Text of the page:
America’s Most Heroic: The Ships of Pearl Harbor


By: Steve Fagaly

From any great battle, heroes are born. Though the ashes left behind tell tragic tales, the stories of the heroic acts that saved lives and deterred enemy forces should also be remembered. On December 7th, 1941, many brave men and women stepped up to protect their land from the surprise Japanese attack. The American response to the destruction at Pearl Harbor was largely fought aboard vessels of the United States Navy. Among the fleet of 100 cruisers, destroyers, and other ships of Pearl Harbor, eight battleships were the focal points of the Japanese assault. No ship was left unscathed and all experienced some loss of crew, but only one remains at the bottom of the harbor, having suffered the greatest loss of American crewmen.

The USS Arizona remains one of the most well-known relics of the attack on Pearl Harbor, mostly due to the memorial that sits above the ship’s wreckage. Three other battleships, the Oklahoma, West Virginia, and California also sank in the skirmish, but were salvaged and returned to service to fight in World War II. Today, the tragic tale of the Arizona and her 1,177 lost crewmen is forever memorialized in the USS Arizona Memorial. Visitors travel back to 1941 when the first bombardment hit and are given an incredibly detailed look at the efforts of the Arizona and the other seven battleships. The Arizona is said to be crying ‘black tears” as oil continues to rise from the wreckage.

Another battleship, the USS Missouri, contributed an incredible history of her own. Sent into the Pacific Theater of World War II in 1944, the Missouri survived long enough to serve as arguably the most prominent ship of the war: the Missouri was the site of the signing of the Japanese Instrument of Surrender, which took place in Tokyo Bay on September 2, 1945. After going on to fight in the Korean  and Persian Gulf Wars, the Missouri was eventually decommissioned and opened to the public for daily tours in Pearl Harbor.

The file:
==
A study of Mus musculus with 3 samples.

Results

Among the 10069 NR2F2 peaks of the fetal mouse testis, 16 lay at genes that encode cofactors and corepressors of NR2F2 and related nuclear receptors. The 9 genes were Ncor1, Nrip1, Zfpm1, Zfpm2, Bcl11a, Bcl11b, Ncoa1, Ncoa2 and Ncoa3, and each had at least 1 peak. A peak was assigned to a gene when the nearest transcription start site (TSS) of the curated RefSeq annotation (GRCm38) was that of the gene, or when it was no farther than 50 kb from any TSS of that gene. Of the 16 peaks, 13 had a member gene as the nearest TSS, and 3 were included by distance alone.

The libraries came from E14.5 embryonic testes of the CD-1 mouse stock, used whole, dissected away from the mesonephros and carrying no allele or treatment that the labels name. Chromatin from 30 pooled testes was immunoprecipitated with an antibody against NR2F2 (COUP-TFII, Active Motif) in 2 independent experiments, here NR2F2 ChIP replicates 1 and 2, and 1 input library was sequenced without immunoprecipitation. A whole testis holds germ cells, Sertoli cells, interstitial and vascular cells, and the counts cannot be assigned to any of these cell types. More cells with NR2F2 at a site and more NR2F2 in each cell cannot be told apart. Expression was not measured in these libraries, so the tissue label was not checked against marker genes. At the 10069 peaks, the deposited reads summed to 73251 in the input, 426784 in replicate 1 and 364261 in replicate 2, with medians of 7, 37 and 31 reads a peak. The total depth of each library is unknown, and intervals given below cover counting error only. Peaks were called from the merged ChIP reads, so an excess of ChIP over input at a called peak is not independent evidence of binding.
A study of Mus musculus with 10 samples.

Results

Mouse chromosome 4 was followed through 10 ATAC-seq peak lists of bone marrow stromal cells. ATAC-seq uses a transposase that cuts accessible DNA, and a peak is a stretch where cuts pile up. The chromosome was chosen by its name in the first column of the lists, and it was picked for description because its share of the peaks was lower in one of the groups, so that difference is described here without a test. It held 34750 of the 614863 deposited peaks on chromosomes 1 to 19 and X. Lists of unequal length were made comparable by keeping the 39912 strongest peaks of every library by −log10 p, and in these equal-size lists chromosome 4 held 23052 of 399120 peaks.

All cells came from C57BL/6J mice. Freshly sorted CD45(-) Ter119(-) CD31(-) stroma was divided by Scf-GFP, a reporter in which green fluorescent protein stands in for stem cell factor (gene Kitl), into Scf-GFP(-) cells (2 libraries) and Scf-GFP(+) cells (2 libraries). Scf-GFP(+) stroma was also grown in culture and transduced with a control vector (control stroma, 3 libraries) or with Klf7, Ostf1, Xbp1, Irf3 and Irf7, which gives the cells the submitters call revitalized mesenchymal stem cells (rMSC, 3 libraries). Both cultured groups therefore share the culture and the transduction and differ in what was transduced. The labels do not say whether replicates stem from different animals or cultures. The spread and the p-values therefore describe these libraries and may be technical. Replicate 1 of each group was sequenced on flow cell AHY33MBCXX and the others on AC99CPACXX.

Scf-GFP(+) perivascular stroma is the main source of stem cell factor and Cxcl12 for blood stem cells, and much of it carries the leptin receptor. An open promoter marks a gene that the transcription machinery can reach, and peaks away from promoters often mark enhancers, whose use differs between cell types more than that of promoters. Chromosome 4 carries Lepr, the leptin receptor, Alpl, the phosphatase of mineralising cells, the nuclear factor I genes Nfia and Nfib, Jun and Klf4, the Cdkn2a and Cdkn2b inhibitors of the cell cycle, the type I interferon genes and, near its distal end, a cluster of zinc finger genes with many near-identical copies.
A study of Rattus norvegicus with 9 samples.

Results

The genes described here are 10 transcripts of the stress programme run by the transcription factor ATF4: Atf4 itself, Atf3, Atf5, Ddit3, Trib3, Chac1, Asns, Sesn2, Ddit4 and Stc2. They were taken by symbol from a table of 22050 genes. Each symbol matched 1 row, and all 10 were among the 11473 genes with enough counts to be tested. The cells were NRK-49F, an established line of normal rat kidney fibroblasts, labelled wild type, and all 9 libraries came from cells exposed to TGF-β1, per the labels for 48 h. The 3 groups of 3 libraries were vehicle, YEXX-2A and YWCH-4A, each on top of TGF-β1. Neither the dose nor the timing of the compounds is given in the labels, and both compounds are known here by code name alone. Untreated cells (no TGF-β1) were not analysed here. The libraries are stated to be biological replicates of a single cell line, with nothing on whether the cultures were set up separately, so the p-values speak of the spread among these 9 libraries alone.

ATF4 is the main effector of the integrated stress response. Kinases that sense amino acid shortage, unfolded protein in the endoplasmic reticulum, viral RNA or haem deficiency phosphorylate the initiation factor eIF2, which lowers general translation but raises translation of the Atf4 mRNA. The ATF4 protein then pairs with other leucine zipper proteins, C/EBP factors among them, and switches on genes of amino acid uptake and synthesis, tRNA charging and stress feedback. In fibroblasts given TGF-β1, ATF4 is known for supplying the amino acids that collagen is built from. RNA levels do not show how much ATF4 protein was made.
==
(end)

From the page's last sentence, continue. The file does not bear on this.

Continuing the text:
Ships of Pearl Harbor: Battleship Missouri

Almost 30 years after her service in World War II, the Bowfin submarine was moved to Pearl Harbor to become one of the most popular attractions there. The interactive tour of the submarine presents visitors with an up-close look at what life and war were like aboard these cramped vessels.

These Pearl Harbor memorials are a history buff’s best chance to be drawn in to the history of the attack in 1941 and the United States’ entry and involvement in World War II. Chronicling the war in the Pacific from beginning to end, the ships of Pearl Harbor including the USS Arizona Memorial, Bowfin submarine, and Battleship Missouri take visitors on a complete tour of the war and the heroes who emerged from it.